Springfield Police Chief Endorses Call for Police Reform

Springfield Police Chief Paul Williams shared a letter on social media from the International Association of Chiefs of Police calling for police reform in the wake of the George Floyd verdict and other incidents of police shootings.

The IACP letter puts the blame on the U.S. Congress, stating that they have “done nothing” in terms of working to bring meaningful police reform legislation. The group says the legislators need to focus on the areas where there is broad bipartisan agreement and get those issues done and deal with more divisive issues once those are done.

“Disagreement over a few provisions has derailed serious consideration of broader reform proposals that have widespread support from both social justice organizations and the policing profession,” the IACP wrote in a statement. “These proposals would help advance the policing profession and enhance the trust that must exist between communities and police.”

IACP officials say that taking care of the matter at the state level is not enough.

“In the absence of compromise, we will continue to see piecemeal, ill-informed, short-term solutions passed at the state and local level that lack the scale and scope to address what is clearly a national issue,” IACP staff wrote. “Or, even worse, nothing will be passed at all. At a time that is calling out for bold national leadership, inaction and grandstanding from our elected officials is simply unacceptable.”

SPD Chief Williams told KWTO he supports the seven measures that the IACP is endorsing in their letter but for the SPD it’s more than just support.

“The IACP continues to take the lead in supporting police reform ideas,” Chief Williams said. “While these are greatly needed on a national basis and I support them as member of the Board of Directors, I’ll note that SPD is ahead of the curve and embraces, participates in, or has implemented each of these.”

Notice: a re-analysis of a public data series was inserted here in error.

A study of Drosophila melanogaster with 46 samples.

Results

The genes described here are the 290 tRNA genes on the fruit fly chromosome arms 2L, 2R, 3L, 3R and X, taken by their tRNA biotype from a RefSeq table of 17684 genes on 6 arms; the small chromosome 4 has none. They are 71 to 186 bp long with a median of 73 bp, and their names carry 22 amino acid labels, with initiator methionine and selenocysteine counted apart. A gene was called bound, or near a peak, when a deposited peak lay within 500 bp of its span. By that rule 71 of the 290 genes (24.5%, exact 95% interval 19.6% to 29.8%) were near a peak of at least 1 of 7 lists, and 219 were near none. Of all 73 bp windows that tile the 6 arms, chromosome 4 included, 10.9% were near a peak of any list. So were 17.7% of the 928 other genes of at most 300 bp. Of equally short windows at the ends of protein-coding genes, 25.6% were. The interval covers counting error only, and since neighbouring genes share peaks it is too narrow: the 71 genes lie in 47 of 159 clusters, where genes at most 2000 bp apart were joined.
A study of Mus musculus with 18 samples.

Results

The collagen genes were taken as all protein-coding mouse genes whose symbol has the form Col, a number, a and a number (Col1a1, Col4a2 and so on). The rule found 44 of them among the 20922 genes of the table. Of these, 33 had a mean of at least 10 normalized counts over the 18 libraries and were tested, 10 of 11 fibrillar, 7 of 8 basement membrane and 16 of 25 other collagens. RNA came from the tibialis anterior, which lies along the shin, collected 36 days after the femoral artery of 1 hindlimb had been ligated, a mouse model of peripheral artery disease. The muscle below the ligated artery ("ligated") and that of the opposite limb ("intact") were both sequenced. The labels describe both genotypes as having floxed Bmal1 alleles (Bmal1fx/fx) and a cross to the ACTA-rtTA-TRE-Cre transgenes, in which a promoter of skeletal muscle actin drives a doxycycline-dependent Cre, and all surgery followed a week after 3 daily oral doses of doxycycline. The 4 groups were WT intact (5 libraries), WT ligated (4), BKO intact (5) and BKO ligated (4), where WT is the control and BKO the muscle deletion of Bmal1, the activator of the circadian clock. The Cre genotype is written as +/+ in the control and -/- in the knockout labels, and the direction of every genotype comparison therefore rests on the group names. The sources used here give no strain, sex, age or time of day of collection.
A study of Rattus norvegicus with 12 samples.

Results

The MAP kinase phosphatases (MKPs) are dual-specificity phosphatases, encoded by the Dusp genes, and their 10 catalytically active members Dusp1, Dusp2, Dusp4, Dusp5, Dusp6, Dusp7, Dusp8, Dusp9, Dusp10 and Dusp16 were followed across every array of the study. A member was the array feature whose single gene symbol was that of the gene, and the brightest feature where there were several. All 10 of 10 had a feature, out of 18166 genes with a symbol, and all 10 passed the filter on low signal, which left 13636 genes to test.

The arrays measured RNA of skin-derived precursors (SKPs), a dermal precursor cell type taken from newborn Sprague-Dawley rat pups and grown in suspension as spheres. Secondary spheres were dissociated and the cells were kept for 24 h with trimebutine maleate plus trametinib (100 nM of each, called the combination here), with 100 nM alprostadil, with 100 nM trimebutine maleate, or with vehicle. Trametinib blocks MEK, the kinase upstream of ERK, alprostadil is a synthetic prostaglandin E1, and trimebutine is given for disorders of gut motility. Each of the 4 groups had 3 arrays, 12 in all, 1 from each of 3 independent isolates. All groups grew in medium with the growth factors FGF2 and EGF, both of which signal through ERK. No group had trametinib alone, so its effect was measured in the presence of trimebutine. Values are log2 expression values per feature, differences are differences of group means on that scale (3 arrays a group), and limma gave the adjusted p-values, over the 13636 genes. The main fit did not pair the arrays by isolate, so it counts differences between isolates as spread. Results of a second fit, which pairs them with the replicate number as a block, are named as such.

The seven items the IACP wants to see are:

Adopt the National Consensus Policy on Use of Force. The National Consensus Policy on Use of Force makes it clear that it is the policy of law enforcement agencies to value and preserve human life and that they should develop policies and training practices that focus on de-escalation and the application of force only when necessary. This policy also makes clear that an officer has a duty to intervene to prevent or stop the use of excessive force by another officer and addresses the issue of chokeholds and vascular neck restraints.
Mandate Participation in the National Use of Force Database. Mandatory participation in the National Use of Force Data Collection effort will help law enforcement, elected officials, and community members better identify and understand the totality of incidents, trends associated with use-of-force incidents, and other outlying factors.
Develop National Standards for Discipline and Termination of Officers. There is a need to develop national standards and policies for the discipline and termination of officers so that there is uniformity and a gold standard of excellence and to prevent malevolent, incompetent, or dishonorable individuals from remaining in the police profession.
Mandate Participation in the National Police Officer Decertification Database. A national police officer decertification database will aid law enforcement agencies in making informed hiring decisions and to prevent officers who have been terminated by an agency from being able to go to another state to be hired. An agency or official in each state would be required to submit data concerning officers employed, separated from employment, and whose certifications have been revoked in the state. Rather than create a new decertification database, the IACP supports funding for and mandatory participation by every state in the National Decertification Index managed by the International Association of Directors of Law Enforcement Standards and Training (IADLEST).
Enhance Police Leadership and Culture. Police leaders must prioritize diversity and create a culture of equity and inclusion by working to eliminate racial, ethnic, and gender bias in the workplace.
Implement Improved Recruitment, Hiring, and Promotion Practices. This includes increased educational standards, background investigations, targeted recruitment efforts, review of hiring standards and practices, diversity, training, and recruit training programs.
Enhance Ability of Police Agencies to Implement Effective Discipline. Contracts, labor agreements, and civil service rules often make it difficult for departments to swiftly remove problematic officers. Additionally, labor arbitrators routinely reinstate officers that have committed egregious acts, and police leaders are left with no option and are forced to be held accountable for officers they wanted removed from their agencies. While ensuring that the due process rights of officers are respected, the authority of management in disciplinary proceedings needs to be enhanced to allow agencies to expediently discipline and terminate officers.